Effect Pigments, UL Prospector, Ronald Lewarchik, 5/2016: Effect pigments provide an infinite array of colors and effects that enable unlimited design possibilities for coatings. These effects include the illusion of flickering lights, metallic reflection, interference sparkle and color variation and luster that changes with the viewing angle and light source.
They are used in a variety of coatings, including those in automotive, monumental and smaller buildings as well as other industrial and product finishing applications. Pigments may be broadly classified by their ability to reflect light: absorption, metallic and interference.
Conventional organic and inorganic pigments are classified as absorption pigments, because they absorb certain wavelengths of the incident light that strikes their surface. The sensation of color is produced by the remaining component of the reflected visible light that produces the color we observe.
For example, a quinacridone red pigment reflects the portion of the light that produces a red color and absorbs the rest of the light energy. Titanium dioxide reflects all of the light and absorbs none, while carbon black absorbs all and reflects none. Due to their ability to absorb light, absorption pigments do not display a metallic luster or iridescence and are thus one dimensional in their ability to interact with light.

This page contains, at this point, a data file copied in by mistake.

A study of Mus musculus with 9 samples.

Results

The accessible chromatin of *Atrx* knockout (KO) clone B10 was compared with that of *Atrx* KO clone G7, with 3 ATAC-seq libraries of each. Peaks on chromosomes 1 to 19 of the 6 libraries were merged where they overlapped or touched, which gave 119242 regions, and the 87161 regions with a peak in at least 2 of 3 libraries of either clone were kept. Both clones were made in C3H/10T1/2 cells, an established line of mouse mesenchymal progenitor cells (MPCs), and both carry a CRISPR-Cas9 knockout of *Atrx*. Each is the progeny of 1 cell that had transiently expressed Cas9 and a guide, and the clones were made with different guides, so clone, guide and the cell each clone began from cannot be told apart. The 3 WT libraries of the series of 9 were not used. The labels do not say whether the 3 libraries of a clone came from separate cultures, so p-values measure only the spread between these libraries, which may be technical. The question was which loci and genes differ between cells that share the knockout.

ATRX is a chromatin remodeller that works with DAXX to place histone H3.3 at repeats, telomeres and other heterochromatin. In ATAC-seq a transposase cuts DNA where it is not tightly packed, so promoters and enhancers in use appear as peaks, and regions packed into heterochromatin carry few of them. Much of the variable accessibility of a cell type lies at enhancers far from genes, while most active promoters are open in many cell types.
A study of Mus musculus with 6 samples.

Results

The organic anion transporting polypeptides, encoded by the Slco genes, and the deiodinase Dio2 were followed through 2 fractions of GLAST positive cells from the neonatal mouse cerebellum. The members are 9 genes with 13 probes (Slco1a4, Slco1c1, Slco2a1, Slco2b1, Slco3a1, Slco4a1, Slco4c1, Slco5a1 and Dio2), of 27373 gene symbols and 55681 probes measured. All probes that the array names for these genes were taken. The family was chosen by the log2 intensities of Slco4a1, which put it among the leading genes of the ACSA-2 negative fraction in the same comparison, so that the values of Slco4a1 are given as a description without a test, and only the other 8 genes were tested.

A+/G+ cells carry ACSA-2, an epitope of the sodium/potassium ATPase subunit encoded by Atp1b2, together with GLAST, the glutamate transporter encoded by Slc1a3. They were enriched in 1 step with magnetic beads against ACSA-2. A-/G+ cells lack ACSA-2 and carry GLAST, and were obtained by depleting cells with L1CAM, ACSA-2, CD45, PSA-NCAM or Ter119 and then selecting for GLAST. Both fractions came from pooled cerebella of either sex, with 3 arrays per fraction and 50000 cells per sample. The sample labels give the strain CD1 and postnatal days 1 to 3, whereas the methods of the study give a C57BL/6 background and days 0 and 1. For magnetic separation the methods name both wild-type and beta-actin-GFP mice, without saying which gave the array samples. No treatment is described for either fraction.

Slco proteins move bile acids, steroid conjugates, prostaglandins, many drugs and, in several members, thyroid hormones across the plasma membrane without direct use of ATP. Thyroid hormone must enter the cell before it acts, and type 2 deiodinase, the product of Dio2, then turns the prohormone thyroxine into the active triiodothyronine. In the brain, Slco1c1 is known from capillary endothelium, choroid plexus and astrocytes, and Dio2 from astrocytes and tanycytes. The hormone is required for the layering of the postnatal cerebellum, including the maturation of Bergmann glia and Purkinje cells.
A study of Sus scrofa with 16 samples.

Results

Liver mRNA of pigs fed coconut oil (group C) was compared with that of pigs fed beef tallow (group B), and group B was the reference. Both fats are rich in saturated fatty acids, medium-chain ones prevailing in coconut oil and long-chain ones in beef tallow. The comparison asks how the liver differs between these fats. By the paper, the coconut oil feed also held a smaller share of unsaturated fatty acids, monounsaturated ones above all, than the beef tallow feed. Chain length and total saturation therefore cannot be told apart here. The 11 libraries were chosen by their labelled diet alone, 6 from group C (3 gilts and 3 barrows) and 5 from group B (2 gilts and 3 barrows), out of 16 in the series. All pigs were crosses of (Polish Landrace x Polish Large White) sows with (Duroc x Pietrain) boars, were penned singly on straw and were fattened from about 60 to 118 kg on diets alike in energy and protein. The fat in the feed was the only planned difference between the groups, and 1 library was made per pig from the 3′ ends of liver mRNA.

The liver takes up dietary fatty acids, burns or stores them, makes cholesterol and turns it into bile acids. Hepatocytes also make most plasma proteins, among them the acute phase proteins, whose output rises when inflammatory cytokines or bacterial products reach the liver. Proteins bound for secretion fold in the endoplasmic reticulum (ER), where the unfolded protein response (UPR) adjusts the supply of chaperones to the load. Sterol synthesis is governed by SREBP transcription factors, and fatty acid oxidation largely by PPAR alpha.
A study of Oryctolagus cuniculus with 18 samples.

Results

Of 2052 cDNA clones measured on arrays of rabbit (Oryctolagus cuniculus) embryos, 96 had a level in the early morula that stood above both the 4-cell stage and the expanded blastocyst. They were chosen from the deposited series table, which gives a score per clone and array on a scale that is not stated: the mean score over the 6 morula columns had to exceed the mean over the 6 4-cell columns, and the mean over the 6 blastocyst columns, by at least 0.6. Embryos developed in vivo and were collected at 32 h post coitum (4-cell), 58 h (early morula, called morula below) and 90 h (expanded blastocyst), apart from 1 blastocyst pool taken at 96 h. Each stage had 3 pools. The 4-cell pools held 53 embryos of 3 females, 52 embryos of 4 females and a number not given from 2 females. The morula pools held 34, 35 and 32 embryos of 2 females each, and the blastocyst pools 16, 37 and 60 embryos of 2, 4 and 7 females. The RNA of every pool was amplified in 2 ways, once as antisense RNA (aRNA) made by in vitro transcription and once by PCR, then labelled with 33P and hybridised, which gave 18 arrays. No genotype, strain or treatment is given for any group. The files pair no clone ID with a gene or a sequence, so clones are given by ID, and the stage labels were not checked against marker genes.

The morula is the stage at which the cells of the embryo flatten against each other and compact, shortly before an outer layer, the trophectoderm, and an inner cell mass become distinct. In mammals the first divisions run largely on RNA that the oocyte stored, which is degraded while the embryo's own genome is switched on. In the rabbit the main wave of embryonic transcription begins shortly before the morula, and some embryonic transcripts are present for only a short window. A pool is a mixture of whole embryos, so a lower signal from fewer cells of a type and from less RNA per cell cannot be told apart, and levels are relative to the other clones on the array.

Metallic pigments consist of tiny flat pieces of aluminum, bronze, zinc, copper, silver or other metals that reflect light and thus create a metallic luster. These pigments are two- dimensional or metallic pigments.
Effect pigments are unique in respect to how they interact with light due to their geometry which is normally a platelet with a high aspect ratio (ratio of width to height). Depending upon the specific technology, a wide variety of colors and effects can be created, such as interference shimmers, color travel effects or metallic reflection.
To read the rest of Ron’s article, click here to head over to UL Prospector.